Canadian Occupational Safety - November 2010
By: Shawn M. Galloway
Ineffective communication is at the root of most problems, personal and business. We must realize that our ability to successfully connect with others is a core competency of effective performers.
Communication is but one element of a successful and sustainable safety program. Moreover, communicating a message alone (i.e., email, talk at safety meeting, posting on bulletin board, etc.), does not guarantee knowledge transfer, behavioural change or results. It only ensures documentable information-sharing activities once occurred. At some point, most people have had a safety document placed in front of them and been asked to sign that they have read and understood the information. I call this exchange a "Receipt of Safety Communication".
While coaching an executive during a review of their incidents, training and communication effectiveness, the following was shared with me. "I don't get it. I personally trained him earlier this year on that equipment. I even have the documentation to prove that he was trained. What's more, when we updated the procedure after the recent process change, his supervisor showed me his signature where he signed off on it during the safety meeting last month. I just don't understand how he got hurt when he was told what to do." Does any of this sound familiar?
This well-intentioned leader was experiencing a common frustration voiced by many of her peers. The late English poet, G.K. Chesterton, once said, "It isn't that they can't see the solution. It's that they can't see the problem." Many of us experience difficulties in improvement, not because of our abilities in progressive thinking and problem-solving; it is our ability to frame the problem accurately.
The real problems are the following:
Communication is but one element of training
While this appears to be common knowledge, it is unfortunately not considered in common practice. After auditing the effectiveness of many types of safety training and program implementation, it was discovered that training is reduced over time to shared information only. While communication is a foundational component of training, it serves as the vehicle for information, not the destination.
Training effectiveness should never be judged solely by the audiences perception of the messenger's capabilities or training content. The effectiveness of the training should be measured by how it changed or maintained the knowledge levels and behaviours of the trainees, and how this affected company performance.
Communication is a process, not an event
There is a common joke among marketing professionals: "You can tell someone something seven times, and they will tell you they heard it once." Just because information has flowed from you once, does not ensure the message was received. Communication is not what the information sender does; it's what happens within the receiver.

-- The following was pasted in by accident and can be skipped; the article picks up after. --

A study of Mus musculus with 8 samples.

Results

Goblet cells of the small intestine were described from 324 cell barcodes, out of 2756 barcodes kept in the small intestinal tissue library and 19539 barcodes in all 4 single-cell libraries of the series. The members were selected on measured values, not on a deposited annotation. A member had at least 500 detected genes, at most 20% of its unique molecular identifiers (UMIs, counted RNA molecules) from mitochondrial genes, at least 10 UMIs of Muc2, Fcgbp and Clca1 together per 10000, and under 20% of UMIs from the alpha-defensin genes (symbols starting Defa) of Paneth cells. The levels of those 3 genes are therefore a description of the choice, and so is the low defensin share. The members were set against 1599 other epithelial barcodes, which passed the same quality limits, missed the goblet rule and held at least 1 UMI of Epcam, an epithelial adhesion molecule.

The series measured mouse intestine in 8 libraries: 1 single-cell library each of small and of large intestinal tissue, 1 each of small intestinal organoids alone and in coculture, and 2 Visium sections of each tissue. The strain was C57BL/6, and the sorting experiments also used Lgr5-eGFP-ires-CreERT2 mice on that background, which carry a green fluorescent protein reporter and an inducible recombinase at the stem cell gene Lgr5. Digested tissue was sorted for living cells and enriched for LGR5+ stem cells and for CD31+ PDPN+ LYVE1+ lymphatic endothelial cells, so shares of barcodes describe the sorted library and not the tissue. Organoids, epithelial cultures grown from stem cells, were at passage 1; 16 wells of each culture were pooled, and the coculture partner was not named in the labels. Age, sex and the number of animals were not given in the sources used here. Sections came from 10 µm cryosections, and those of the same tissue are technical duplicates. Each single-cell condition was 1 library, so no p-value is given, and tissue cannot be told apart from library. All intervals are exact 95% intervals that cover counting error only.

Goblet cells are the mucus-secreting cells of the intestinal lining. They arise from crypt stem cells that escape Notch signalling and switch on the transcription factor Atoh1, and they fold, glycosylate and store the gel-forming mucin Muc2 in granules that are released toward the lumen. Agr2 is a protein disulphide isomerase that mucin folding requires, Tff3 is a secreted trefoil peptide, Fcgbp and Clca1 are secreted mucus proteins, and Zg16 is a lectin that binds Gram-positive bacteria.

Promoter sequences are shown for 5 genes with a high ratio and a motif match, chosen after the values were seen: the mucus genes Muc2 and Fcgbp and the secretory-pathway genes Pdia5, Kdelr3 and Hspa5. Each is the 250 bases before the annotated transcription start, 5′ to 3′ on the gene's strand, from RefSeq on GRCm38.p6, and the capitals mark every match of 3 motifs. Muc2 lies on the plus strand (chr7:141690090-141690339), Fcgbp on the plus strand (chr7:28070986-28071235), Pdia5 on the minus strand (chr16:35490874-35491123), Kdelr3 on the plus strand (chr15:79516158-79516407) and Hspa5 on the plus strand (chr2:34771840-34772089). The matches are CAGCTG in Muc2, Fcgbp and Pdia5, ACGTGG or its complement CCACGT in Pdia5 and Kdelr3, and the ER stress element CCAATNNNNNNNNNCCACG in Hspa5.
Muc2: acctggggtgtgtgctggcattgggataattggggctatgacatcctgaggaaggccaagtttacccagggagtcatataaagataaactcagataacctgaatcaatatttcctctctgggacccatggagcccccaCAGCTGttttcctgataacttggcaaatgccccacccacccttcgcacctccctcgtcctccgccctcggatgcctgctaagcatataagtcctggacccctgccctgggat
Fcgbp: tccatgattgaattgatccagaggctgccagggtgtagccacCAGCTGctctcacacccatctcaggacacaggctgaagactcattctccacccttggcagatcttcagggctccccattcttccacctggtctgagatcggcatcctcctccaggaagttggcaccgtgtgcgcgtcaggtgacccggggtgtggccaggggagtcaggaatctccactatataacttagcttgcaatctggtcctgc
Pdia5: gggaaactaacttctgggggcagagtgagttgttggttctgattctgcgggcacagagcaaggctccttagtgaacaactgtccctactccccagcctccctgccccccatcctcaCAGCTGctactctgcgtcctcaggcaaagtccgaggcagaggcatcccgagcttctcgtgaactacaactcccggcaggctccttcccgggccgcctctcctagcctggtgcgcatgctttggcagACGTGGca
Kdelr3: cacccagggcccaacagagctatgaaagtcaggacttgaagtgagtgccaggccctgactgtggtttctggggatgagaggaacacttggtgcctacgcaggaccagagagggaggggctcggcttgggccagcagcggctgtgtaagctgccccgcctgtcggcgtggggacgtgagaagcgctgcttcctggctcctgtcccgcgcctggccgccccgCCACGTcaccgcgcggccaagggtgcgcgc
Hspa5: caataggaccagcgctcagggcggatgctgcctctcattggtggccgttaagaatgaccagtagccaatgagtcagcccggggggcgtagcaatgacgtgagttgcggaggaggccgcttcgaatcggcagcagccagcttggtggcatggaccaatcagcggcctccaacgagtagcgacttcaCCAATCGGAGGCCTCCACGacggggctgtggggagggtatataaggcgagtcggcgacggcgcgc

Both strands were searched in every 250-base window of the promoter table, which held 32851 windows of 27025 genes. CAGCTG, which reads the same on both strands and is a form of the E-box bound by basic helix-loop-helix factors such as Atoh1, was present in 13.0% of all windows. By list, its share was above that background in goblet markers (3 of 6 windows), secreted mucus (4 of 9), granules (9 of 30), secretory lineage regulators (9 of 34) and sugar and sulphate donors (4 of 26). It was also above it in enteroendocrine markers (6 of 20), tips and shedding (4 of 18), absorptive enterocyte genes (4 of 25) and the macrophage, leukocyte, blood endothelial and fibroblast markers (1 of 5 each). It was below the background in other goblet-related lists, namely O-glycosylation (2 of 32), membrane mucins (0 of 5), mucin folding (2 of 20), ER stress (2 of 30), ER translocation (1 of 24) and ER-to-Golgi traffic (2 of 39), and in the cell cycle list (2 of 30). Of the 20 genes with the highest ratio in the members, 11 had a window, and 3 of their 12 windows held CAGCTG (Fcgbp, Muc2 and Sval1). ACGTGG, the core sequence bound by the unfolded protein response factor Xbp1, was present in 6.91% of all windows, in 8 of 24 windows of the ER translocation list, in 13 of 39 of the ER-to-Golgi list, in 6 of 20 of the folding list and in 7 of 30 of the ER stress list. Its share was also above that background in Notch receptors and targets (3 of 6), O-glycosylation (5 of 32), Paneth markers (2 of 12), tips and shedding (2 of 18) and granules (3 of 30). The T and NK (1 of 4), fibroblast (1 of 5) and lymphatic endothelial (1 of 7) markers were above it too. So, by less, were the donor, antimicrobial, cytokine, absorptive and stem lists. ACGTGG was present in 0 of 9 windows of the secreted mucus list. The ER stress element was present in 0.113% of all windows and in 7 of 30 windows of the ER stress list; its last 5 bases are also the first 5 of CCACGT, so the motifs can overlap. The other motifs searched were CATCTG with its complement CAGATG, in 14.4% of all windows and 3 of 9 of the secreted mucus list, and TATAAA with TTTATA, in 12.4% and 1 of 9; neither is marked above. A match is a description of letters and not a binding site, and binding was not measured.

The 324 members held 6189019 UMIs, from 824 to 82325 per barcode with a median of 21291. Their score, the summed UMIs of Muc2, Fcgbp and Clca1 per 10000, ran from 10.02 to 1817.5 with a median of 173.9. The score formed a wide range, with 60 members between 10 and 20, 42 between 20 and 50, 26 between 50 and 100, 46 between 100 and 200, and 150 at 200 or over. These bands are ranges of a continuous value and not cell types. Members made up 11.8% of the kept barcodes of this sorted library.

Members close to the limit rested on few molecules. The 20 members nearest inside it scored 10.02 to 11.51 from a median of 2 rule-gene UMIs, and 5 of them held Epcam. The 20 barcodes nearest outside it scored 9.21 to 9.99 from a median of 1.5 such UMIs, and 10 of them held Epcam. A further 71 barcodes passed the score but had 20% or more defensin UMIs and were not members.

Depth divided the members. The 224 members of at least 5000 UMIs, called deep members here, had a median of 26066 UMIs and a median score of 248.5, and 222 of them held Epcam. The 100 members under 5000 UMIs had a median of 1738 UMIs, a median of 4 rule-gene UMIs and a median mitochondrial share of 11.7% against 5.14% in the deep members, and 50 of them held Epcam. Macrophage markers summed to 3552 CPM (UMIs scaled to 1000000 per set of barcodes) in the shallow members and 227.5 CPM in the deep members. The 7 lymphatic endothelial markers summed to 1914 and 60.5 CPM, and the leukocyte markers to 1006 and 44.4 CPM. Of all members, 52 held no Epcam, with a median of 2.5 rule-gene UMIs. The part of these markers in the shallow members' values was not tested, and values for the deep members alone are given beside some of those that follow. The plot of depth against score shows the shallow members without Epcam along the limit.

Effective communication requires both a sender and a receiver, who equally need to be tuned-in and turned-on to the message. Emailing someone a message does not guarantee it will be read, nor remembered. If you disagree, consider attempting to remember the details of the last few emails from your direct supervisor.
Obtaining a signature for receiving a message only guarantees documentation
Simply put, asking someone to sign that they have read and understood a document without seeking validation of understanding through a discussion, does not guarantee knowledge transfer, behavioural change or results. It only ensures documentation, and surely this is not the all-encompassing goal.
All of us have experienced the effect of what we believe was successfully communicated; yet comprehension didn't take place, at least not completely. The Irish playwright, George Bernard Shaw, once quipped, "The single biggest problem with communication is the illusion that it has taken place."
Don't work under assumptions or illusions when it comes to something as important as safety. If people are unable to recall elements of your message, did communication really take place?
Seek to validate the effectiveness of your safety communication by testing for comprehension, observing for behaviours that reflect the communicated message, and measuring how these two areas contribute to overall performance.
Communicating effectively has proven to contribute to gains in all areas of operational performance. Starting with improving safety communication will not only add value to the areas of culture and performance, it is also the right thing to do.
Shawn M. Galloway is the President of ProAct SafetyTM, an international safety excellence firm. As a safety coach, motivational speaker and expert strategist, he has assisted hundreds of organizations to achieve and sustain excellence in safety, culture, and operational performance. Shawn is the host of the COS video series, Culture Shock, and the weekly podcast series, Safety Culture ExcellenceTM. He can be reached at 936-273-8700 or info@ProActSafety.com.